It’s Christmas all year round in the small town of Santa Claus, Indiana.
Each year, thousands of letters written to Santa make their way to the small town’s Santa Claus Post Office, which has been the headquarters for Santa’s helpers for more than 100 years.
Last year, the town received more than 22,000 letters. And with less than two weeks to go until the big day, Emily Thompson, director of the Santa Claus Museum and Village, told CBS News they’re on track to exceed that.
“We’ve done a little over 12,000 letters so far,” Thompson said. “Our elf just picked up the letters this morning — three crates of mail that came in. We have a lot of letters.”
Every child who writes Santa is guaranteed to get a response, as long as they make the town’s Dec. 21 deadline.
“The largest volume of mail comes before Thanksgiving,” Thompson said. “That’s when we’re going to the post office twice a day to pick up hundreds and hundreds of letters.”
James Martin, Santa Claus’ 14th postmaster, started the tradition in 1914 after the town began getting Christmas letters in the mail. He was troubled that children’s letters weren’t answered, so he began writing them back.
Since then, dozens of community members in the small town of about 2,500 people have come together to keep the Christmas spirit alive. This year, there’s a core group of about 15 elves who work in shifts, seven days a week,12 hours a day.
“People start getting ready for Christmas toward the beginning of November,” Thompson said. “You have to have everything in place, ready to go.”
The holiday cheer goes beyond children’s letters to Santa. The Santa Claus Post Office — the only post office in the U.S. with Santa’s name — offers a unique holiday postmark every December. Residents can go into the office to put the stamp on holiday cards or request the special postmark.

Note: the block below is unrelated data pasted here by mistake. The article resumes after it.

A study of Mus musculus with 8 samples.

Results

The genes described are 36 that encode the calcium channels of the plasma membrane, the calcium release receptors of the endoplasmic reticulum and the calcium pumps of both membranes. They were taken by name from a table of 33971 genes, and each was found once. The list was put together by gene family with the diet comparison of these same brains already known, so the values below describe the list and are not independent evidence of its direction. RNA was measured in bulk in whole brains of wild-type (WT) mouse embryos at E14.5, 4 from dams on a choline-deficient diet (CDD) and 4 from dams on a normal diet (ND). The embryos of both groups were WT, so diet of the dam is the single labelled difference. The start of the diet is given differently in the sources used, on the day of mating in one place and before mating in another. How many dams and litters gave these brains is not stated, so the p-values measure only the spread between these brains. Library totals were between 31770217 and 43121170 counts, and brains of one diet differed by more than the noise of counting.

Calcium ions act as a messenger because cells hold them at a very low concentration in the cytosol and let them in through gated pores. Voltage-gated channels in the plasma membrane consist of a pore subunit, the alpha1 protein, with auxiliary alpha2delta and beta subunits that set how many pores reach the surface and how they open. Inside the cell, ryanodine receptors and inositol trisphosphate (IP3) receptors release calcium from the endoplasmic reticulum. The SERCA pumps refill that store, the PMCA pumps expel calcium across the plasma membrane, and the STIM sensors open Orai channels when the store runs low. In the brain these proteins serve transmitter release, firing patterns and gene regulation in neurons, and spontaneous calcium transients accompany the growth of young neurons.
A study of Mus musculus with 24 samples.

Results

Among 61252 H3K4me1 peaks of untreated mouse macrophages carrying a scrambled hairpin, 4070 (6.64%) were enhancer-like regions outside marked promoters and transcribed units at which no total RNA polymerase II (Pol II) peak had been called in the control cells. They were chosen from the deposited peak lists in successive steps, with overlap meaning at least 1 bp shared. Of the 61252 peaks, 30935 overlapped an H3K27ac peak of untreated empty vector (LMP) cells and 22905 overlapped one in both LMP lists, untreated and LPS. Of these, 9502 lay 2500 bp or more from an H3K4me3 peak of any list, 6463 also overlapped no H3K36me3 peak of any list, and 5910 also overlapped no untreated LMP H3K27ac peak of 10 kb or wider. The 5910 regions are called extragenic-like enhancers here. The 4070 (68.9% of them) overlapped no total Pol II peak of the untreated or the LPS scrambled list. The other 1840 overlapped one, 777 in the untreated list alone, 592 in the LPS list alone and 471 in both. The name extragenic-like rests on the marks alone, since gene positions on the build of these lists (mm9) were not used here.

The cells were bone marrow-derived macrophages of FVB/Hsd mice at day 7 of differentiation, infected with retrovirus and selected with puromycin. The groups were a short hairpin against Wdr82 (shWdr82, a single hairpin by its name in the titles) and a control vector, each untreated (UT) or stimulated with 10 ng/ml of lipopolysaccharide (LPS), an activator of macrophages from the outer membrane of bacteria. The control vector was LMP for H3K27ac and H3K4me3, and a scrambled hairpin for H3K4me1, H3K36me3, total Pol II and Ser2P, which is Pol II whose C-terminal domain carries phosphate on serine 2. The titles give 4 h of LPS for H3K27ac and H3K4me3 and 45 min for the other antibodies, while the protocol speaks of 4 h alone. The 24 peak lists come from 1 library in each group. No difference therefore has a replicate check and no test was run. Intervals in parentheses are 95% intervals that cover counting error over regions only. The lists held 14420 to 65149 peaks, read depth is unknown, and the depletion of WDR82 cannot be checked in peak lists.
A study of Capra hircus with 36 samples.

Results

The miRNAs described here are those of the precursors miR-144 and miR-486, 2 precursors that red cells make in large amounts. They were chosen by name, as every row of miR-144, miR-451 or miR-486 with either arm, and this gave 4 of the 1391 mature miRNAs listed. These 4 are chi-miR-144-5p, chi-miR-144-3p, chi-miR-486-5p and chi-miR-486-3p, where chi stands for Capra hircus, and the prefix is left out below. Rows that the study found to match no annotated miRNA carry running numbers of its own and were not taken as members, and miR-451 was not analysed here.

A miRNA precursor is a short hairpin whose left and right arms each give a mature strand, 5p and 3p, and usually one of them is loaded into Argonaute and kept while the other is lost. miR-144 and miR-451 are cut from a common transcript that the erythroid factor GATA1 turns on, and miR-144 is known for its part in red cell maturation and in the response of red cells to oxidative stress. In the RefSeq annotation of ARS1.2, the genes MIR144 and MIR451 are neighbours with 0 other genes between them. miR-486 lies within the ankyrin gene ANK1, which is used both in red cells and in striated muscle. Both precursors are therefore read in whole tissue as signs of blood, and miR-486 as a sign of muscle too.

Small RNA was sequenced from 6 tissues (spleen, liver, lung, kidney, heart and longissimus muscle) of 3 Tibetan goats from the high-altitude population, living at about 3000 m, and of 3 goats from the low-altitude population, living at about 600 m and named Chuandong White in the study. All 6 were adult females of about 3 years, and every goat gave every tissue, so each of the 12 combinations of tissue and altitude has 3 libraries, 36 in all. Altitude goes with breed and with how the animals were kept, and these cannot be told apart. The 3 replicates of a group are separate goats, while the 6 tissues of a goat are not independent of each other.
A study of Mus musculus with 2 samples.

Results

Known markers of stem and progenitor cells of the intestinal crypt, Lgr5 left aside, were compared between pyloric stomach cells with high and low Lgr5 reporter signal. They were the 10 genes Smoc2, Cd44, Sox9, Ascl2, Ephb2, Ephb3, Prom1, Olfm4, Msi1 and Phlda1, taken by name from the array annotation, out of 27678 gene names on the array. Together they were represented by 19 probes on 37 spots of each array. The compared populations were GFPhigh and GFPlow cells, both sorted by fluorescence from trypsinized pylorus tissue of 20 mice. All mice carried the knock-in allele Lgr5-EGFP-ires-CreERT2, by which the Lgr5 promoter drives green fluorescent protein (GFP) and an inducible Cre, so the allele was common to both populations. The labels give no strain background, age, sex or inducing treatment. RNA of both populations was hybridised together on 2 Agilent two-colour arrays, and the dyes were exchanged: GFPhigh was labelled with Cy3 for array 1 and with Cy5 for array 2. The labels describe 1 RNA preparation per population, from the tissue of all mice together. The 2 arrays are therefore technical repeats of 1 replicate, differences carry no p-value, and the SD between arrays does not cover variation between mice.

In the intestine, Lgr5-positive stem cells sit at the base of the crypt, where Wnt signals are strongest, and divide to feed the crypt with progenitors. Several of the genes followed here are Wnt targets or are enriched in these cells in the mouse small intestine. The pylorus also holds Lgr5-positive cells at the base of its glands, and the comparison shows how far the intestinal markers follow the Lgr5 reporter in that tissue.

The post office goes through about 400,00 stamps from Dec. 1 until about Dec. 24, Melissa Brockman, the executive director of the Spencer County Visitors Bureau, told CBS News.
“I think some people just really love Santa Claus,” said Brockman, praising the wonderful work Santa’s helpers do.
Every child gets an personalized letter, Thompson explained. Written in red ink with a Santa letterhead, elves make sure envelopes are hand-addressed and mailed with the holiday postmark.
“It’s a gift in many ways to be able to read these letters — to read these sweet messages,” Thompson said. “We help Santa and keep the belief going to contribute to the magic of the season.”
Thompson’s what you would call a “head elf.” Part of her job is to organize the “elf operation,” keeping track of the elves’ schedule, advertising for elves and even preparing snacks for the elves to keep them energized.
“It’s a very Christmas-y place to be,” Thompson said about her home.
From chestnut roasting at Santa’s Candy Castle to the Santa Claus Land of Lights that tells the story of Rudolph the Red Nosed Reindeer, there’s no better town to put you in the Christmas spirit, Brockman added.